7 panelists joined us for one of our most controversial eLearning Open Mic topics yet—teaching to different generations.
We hear so often that “Baby Boomers like this” and “Millennials are killing this” and are told that each generation has different learning styles and we should teach to them this way or that way. However, many learners hate being lumped into a generational category. Panelists Colette Boynton, Domenic Caloia, JeVaughn Jones, Irene Knokh and Paul Tingler were joined by Jenn Fairbanks and Misty Harding of eLearning Brothers to tackle this hot topic.
We first opened up to ask if panelists and attendees DO design content based on the age of their learners.
Our first panelist response was: “It’s not so much about age. It’s about quality. As a designer, I like to design online learning so that the learner gets to choose which way they like best. If you design it right, the generations get to pick which way they learn best, regardless of age.” – Domenic
It quickly became clear that there was a consensus around allowing learners as much choice as possible.
“I think it comes down to personal preference based on experience training and teaching adults and adolescents.” – Cody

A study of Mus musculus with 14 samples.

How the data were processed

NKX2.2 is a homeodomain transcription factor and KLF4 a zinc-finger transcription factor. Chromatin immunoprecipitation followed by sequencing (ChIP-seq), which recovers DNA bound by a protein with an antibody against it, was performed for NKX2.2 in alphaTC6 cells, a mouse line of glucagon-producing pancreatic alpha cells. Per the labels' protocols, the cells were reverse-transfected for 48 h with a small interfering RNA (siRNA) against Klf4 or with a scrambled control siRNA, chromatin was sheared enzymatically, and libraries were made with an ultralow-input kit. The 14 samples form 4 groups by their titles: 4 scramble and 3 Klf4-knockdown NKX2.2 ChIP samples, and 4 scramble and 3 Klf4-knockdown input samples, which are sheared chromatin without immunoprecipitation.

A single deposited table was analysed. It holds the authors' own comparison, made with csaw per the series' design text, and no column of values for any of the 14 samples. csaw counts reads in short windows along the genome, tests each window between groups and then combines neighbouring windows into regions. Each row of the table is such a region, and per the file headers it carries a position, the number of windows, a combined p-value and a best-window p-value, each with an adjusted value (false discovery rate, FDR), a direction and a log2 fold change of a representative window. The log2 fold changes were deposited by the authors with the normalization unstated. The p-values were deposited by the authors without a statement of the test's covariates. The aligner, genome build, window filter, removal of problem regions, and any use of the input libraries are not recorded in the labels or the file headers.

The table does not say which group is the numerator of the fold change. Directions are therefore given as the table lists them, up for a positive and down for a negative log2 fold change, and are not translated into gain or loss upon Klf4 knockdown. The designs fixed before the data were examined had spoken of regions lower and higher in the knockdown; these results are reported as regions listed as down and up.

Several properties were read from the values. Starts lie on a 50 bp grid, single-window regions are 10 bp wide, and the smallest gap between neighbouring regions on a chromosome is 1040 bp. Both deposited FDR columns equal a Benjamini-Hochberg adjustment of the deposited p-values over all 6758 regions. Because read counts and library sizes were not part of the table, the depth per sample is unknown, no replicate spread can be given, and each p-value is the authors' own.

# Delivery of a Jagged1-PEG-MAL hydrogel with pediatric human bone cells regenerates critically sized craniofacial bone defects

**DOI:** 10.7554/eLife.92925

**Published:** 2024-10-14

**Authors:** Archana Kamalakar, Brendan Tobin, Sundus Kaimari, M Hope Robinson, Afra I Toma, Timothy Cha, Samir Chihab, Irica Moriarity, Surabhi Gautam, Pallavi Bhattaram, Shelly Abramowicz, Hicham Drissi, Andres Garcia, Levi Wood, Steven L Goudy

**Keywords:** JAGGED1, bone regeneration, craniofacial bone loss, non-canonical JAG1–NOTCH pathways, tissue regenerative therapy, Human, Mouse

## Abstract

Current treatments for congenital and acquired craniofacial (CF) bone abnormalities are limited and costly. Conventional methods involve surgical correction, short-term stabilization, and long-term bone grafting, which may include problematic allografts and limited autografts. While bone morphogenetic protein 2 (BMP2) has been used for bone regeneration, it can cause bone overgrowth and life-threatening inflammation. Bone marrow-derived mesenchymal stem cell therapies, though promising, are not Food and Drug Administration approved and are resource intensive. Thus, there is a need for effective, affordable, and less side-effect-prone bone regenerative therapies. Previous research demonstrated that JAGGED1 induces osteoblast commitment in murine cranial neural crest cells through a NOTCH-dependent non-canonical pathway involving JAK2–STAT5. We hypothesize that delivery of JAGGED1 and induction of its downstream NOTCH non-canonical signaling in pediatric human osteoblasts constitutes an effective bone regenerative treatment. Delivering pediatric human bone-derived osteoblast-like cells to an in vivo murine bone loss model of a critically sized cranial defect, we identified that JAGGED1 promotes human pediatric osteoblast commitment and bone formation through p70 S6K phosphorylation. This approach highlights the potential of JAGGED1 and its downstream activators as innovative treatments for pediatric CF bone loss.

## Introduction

“Good, well-designed training should hit all those different points (audio, video) and leave it up to the learner to decide. I don’t think it’s generational. I think there’s plenty of us, who are older, who would like to just do an online training. And plenty of millennials and generation z who would like to have a more in-person opportunity. It gets dicey when you try to generalize too much.” – Colette
Attendee Irene pointed out that different countries have different definitions of “old” and that everyone learns differently, so you can’t make assumptions about how people learn based on “generations x, y, z, etc.” Irene also recommended Ray Jimenez’s blog.
There was a lot of support for following other tried and true learning methods and instructional design principles.
“…can’t group learning into generational learning. We should use what has been in existence for years, theories, etc. Like VARK, have to consider the ways we learn and address each one in our course. That’s why we do blended learning too.” – Kimberly
Misty wrapped up the discussion by noting that many of the things discussed today in the open mic boil down to doing a really good, thorough audience analysis before starting your eLearning development. Know your learners and you’ll be able to create successful, effective training they enjoy!
Continue the conversation and share your thoughts in the comments below.